Children learn to share things as they mature. they learn from their surroundings. Help the child to learn sharing. Here are some ways to teach children how to share things and be better humans as they grow up.
Swapna Anand was mortified by her two-year-old daughter's behaviour when she took her to play with a friend's child. She says, "Initially, the two children were just playing side by side without really interacting. Then my friend's daughter began to play with my daughter's toy telephone and all hell broke loose. My daughter started screaming till she was red in the face. Then there was a tug-of-war between the two children for the toy and I just didn't know what to do. To make matters worse, my daughter insisted on taking one of the other child's colouring books when we went home."
The above incident is one that almost every parent experiences with their children. Yet, they can't help but wonder at their children's selfishness and entertain doubts if they will grow out of this type of behaviour. Parents have a tendency to evaluate children's behaviour from a lofty adult viewpoint. However, if they questioned their own parents they are bound to find similar selfish incidents in their own past.
Sharing is not instinctive
The fact is that children are not born with an innate sharing instinct. Very young children have not developed the ability to view the world and the things in it from anyone else's point of view other than their own. There is no specific age when children magically become unselfish and willing to share. Sharing is something that develops with maturity and every child matures at his or her own pace. However, the right environmental influences can give them a nudge in the right direction. Children learn to share more quickly in a household where adults give and take and exhibit cooperative behaviour. Some children take longer to share than others because they have the kind of temperament that is resistant to change.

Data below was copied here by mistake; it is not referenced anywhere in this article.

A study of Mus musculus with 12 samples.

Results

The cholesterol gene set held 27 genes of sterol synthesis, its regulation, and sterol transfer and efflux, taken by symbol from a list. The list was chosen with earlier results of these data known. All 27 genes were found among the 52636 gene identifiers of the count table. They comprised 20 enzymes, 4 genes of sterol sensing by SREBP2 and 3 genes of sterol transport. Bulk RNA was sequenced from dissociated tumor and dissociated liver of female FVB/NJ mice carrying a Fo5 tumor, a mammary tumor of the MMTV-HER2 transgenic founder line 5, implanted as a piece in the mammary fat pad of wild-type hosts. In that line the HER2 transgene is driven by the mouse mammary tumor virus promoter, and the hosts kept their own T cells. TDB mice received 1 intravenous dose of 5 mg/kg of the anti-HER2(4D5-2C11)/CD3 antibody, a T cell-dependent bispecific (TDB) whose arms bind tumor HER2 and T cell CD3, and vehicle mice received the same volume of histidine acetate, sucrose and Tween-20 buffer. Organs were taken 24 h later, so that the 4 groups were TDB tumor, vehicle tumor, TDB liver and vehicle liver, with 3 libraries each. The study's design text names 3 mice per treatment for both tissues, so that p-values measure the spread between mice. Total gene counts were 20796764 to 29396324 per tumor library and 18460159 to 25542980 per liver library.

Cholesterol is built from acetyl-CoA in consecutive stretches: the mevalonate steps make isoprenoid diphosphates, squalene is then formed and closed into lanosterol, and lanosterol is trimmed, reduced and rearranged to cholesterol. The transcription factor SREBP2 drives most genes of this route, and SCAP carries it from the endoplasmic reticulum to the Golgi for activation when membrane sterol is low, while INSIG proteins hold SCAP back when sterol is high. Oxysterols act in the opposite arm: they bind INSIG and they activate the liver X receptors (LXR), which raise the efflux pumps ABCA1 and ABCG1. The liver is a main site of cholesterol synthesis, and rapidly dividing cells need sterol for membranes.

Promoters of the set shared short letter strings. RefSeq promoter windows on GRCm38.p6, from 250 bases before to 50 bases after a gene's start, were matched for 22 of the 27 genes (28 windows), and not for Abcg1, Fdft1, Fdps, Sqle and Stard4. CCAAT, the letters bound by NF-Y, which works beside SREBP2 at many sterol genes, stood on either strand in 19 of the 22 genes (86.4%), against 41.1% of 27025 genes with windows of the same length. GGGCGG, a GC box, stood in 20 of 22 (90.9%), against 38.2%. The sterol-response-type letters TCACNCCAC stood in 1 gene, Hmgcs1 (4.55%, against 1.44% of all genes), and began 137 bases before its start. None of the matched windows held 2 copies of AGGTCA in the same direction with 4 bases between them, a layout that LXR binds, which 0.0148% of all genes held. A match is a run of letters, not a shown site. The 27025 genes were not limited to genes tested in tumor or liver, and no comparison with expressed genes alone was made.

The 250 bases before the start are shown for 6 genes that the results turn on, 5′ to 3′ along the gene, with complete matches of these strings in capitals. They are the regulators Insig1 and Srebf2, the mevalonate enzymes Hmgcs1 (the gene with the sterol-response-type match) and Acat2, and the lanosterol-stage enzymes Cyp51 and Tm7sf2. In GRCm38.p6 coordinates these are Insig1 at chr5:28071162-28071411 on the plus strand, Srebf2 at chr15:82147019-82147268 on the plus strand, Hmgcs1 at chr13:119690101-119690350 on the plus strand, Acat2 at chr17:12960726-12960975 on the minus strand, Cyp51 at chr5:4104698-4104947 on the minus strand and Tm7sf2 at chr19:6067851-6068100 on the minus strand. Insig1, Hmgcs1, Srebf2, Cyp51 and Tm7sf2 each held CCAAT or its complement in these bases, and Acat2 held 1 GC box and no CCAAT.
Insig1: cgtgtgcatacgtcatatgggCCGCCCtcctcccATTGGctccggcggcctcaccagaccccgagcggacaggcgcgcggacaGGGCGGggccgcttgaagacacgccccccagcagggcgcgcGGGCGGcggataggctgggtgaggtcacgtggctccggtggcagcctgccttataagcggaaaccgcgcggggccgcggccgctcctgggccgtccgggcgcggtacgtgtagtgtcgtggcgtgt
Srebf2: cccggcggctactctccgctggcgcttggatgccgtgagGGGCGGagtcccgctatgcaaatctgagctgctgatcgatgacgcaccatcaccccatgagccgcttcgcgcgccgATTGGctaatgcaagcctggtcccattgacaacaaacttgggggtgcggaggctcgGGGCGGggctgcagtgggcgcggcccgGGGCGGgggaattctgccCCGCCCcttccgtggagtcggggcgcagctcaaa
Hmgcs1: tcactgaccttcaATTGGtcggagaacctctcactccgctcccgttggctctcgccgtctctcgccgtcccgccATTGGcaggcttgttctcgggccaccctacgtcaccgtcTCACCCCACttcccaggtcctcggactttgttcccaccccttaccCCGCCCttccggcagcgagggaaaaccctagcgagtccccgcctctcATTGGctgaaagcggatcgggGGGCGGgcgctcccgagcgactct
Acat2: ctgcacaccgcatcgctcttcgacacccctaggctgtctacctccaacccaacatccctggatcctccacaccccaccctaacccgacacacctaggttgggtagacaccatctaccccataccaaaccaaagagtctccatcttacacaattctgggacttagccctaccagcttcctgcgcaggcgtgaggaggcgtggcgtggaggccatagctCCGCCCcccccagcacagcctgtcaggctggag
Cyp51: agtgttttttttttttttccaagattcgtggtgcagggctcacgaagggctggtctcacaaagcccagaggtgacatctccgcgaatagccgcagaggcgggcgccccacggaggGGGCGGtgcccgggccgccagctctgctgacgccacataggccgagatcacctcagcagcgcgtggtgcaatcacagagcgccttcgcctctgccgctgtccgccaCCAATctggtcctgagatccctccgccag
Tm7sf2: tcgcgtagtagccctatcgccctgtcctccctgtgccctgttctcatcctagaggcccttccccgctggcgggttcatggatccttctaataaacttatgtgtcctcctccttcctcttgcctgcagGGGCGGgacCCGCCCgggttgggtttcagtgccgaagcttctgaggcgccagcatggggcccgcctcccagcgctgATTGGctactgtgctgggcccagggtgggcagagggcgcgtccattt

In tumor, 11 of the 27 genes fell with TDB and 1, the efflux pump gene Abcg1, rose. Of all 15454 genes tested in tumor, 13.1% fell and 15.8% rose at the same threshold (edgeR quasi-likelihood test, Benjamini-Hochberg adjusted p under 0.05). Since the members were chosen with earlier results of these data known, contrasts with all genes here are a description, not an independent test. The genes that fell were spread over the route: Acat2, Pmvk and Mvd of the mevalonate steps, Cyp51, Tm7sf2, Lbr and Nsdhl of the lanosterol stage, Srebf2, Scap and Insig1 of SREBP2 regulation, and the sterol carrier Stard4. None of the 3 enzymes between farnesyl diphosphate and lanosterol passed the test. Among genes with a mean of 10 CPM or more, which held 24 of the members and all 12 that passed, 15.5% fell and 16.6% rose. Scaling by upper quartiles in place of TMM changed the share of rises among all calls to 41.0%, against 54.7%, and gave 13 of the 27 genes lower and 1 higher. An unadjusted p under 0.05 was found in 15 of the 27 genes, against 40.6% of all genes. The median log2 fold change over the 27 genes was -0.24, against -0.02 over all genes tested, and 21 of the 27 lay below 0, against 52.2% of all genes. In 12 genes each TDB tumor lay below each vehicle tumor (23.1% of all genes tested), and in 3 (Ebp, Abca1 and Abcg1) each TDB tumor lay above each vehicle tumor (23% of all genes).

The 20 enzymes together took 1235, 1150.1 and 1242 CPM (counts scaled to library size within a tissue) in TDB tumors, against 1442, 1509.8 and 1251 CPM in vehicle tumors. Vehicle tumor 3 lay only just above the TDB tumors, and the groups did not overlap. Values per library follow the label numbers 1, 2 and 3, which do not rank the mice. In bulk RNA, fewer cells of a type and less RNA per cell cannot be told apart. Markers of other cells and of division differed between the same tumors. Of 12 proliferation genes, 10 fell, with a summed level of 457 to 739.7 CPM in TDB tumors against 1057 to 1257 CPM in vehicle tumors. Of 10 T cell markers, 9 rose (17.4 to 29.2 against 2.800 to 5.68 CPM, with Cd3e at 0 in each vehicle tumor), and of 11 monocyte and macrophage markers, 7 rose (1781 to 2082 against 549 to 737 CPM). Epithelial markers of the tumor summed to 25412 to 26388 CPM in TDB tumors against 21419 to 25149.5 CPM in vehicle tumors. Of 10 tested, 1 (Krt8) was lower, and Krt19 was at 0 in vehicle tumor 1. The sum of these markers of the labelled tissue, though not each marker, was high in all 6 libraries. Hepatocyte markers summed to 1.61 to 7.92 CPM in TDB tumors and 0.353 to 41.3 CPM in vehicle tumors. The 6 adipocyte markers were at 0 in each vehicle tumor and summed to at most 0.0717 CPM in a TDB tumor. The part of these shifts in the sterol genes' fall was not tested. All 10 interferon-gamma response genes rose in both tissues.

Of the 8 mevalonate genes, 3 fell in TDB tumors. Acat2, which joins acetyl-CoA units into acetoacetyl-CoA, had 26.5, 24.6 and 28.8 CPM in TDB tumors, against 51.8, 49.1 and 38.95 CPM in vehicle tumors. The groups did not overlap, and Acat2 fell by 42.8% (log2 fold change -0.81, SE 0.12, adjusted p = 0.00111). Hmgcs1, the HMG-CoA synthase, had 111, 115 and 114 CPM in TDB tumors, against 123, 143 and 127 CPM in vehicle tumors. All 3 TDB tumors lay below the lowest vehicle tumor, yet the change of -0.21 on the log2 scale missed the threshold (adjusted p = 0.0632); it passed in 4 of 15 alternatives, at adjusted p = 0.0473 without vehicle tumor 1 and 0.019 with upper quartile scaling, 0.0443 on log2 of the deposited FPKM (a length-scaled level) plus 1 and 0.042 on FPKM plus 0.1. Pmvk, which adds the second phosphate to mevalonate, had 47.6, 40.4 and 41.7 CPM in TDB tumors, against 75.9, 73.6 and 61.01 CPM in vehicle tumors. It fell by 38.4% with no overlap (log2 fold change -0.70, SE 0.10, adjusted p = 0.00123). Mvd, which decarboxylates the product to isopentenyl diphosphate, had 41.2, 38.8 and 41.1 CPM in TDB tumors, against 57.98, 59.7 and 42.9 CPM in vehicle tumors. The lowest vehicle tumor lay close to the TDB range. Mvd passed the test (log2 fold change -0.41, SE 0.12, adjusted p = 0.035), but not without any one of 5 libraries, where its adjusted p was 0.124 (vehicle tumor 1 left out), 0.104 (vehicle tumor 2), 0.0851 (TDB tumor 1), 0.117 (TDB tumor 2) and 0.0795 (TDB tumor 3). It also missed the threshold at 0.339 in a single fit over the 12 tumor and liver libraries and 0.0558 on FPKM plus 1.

Tips on teaching your child to share
Do not make your child feel like she has a character flaw by labelling her as selfish and warning her that her behaviour will result in her having no friends.
Accept the fact that there are some things that your child will just not be willing to share. In such a case, when you invite other children over to play, help her identify those toys that fall into the 'hands off' category and put them away before the other children arrive. In this way, you can pre-empt skirmishes over toys.
Your child must be aware that just as she is possessive about her things, she must learn to respect other's possessions too.
Lay down some ground rules at the start. For instance, tell her that she will only be allowed to invite other children over if she shares her toys. Or, you can tell her that she will have to share the new video game with her brother or forfeit playing with it at all.
Create situations at home where your child will have no alternative but to share. For instance, if another child has come over give them one set of crayons between the two of them.
Show your child that you can share too.
If your child is having a hard time sharing, you may need to supervise her playtime and encourage her to share.
Praise your child every time she shares or makes an unselfish gesture.